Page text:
KANSAS CITY, Mo. — If any question existed about who ranked as the strongest player on the Florida State football last year, Chiefs rookie defensive tackle Derrick Nnadi confidently ended the debate during the opening of the team’s rookie minicamp.
“I was,” said Nnadi, who measures in at 6-foot-2 and 316 pounds and can squat lift 750 pounds and bench press 525.
“As a defensive lineman you deal with a lot of double teams, sometimes triple teams,” Nnadi explained. “Offensive linemen are one of the biggest dudes on the field, sometimes the strongest dudes on the field, so you’ve got to have a lot of strength to maneuver towards all those big men, so it really is a plus in my game.”
Nnadi and the team’s other early-round draft picks understand the reasoning that brought them to Kansas City. The Chiefs want a tougher, more aggressive defensive full of fire and grit. They want good dudes who play like really bad dudes.
Edge rusher Breeland Speaks holds no doubts why the club selected him in the second round of the draft.
“They think I’m tough, that’s the first thing that pops to mind,” Speaks said. “That was one of the reasons they brought me in, basically that I was a tough player and that I added something to their defense.”
Speaks sees the same toughness in his new teammate Nnadi, who thrives on the occupying the middle of the field.
“I knew Derrick Nnadi was a space eater for sure,” Speaks said. “I watched Nnadi at Florida State along with Josh Sweat and those guys so I already knew what we was getting.”
Nnadi feels line play “controls how a game goes,” and he wants responsibility for carrying the load for his team.
“Honestly, I feel like when it comes to defensive line that’s where in a sense the big dogs take place,” Nnadi said. “So I feel like the D-line’s one of most – not only the most but one of the most important spots on the field.”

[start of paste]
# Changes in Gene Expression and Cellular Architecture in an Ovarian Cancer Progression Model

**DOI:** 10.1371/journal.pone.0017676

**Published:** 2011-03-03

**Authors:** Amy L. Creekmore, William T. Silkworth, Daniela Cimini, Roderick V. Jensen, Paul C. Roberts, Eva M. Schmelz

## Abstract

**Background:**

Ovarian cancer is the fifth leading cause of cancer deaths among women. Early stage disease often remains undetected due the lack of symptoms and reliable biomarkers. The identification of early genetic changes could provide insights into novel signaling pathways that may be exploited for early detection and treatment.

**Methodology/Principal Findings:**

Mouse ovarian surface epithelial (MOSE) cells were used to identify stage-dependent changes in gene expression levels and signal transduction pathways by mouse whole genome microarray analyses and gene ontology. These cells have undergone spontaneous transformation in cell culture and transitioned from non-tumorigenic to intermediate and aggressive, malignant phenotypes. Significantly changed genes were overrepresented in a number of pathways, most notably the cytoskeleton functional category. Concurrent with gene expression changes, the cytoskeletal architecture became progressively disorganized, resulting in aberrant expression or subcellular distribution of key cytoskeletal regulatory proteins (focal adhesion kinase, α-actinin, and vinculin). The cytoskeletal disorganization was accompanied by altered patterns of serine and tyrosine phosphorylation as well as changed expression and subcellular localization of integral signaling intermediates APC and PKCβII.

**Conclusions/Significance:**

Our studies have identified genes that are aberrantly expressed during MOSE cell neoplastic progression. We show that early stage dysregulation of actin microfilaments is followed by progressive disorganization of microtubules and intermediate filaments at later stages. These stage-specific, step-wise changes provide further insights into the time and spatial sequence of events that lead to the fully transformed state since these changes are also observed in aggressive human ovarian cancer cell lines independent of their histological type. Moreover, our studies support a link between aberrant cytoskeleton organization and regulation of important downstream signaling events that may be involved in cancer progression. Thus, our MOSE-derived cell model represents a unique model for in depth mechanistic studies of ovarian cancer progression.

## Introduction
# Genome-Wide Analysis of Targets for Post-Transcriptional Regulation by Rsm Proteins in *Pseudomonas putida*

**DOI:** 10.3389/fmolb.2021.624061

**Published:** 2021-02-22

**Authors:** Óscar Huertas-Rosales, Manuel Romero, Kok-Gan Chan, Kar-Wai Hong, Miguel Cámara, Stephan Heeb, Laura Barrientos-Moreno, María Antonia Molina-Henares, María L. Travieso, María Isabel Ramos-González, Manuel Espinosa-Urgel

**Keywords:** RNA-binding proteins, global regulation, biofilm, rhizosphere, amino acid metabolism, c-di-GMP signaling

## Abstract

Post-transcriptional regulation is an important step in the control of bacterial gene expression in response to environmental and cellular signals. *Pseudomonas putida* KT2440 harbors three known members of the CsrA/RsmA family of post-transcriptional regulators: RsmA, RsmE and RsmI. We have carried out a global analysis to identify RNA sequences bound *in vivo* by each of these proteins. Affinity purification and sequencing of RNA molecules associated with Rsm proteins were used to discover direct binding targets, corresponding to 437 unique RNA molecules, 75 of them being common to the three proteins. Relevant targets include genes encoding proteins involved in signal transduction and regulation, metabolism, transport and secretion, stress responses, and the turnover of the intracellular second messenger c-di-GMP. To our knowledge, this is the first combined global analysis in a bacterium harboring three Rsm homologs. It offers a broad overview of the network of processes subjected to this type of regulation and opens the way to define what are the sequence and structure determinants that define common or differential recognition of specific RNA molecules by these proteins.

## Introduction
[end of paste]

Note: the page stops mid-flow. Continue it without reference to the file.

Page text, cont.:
The Chiefs drafted five defensive players with their first five picks in the draft. The mission of instilling more toughness into a NFL team brings this group together, according to third-round linebacker Dorian O’Daniel.
“I think it’s a credit to Kansas City for drafting the right kind of guys,” O’Daniel said. “I think that’s the way it should be with teammates. Bringing in a group of rookies that are all defensive we have to stick together and we have to form a relationship.”
Saturday’s initial minicamp practice provided a glimpse of the future of the Kansas City defense. Speaks lined up as a pass rusher on the right side of the first-team defense. Nnadi anchored the defensive line with O’Daniel patrolling the middle at Will linebacker. Safety Armani Watts and cornerback Tremon Smith battened down the secondary. It’s not hard envision a future with all five taking to the turf at Arrowhead Stadium a few football fields away from the team’s training facility.
Just one day into the club’s rookie minicamp, the five defensive rookies already share a common bond. Nnadi says they also understand they have work to do.
“They drafted me for a reason to be here for a reason work on defense, to try to improve the defense,” Nnadi said. “And come together all the defensive players that got drafted, we kind of clicked as soon as we met each other. I feel that’s a bond, since we’re already cool with each other we can really try to better ourselves that much more.”
O’Daniel believes that Bond should help this rookie class develop chemistry that permeates through the defense.
“Because if we form a relationship off the field it will definitely show on the field and being able to communicate,” O’Daniel said. “Even today, me and Breeland being able to communicate because we’re on the same side on some plays. So just having that chemistry off the field definitely will translate well.”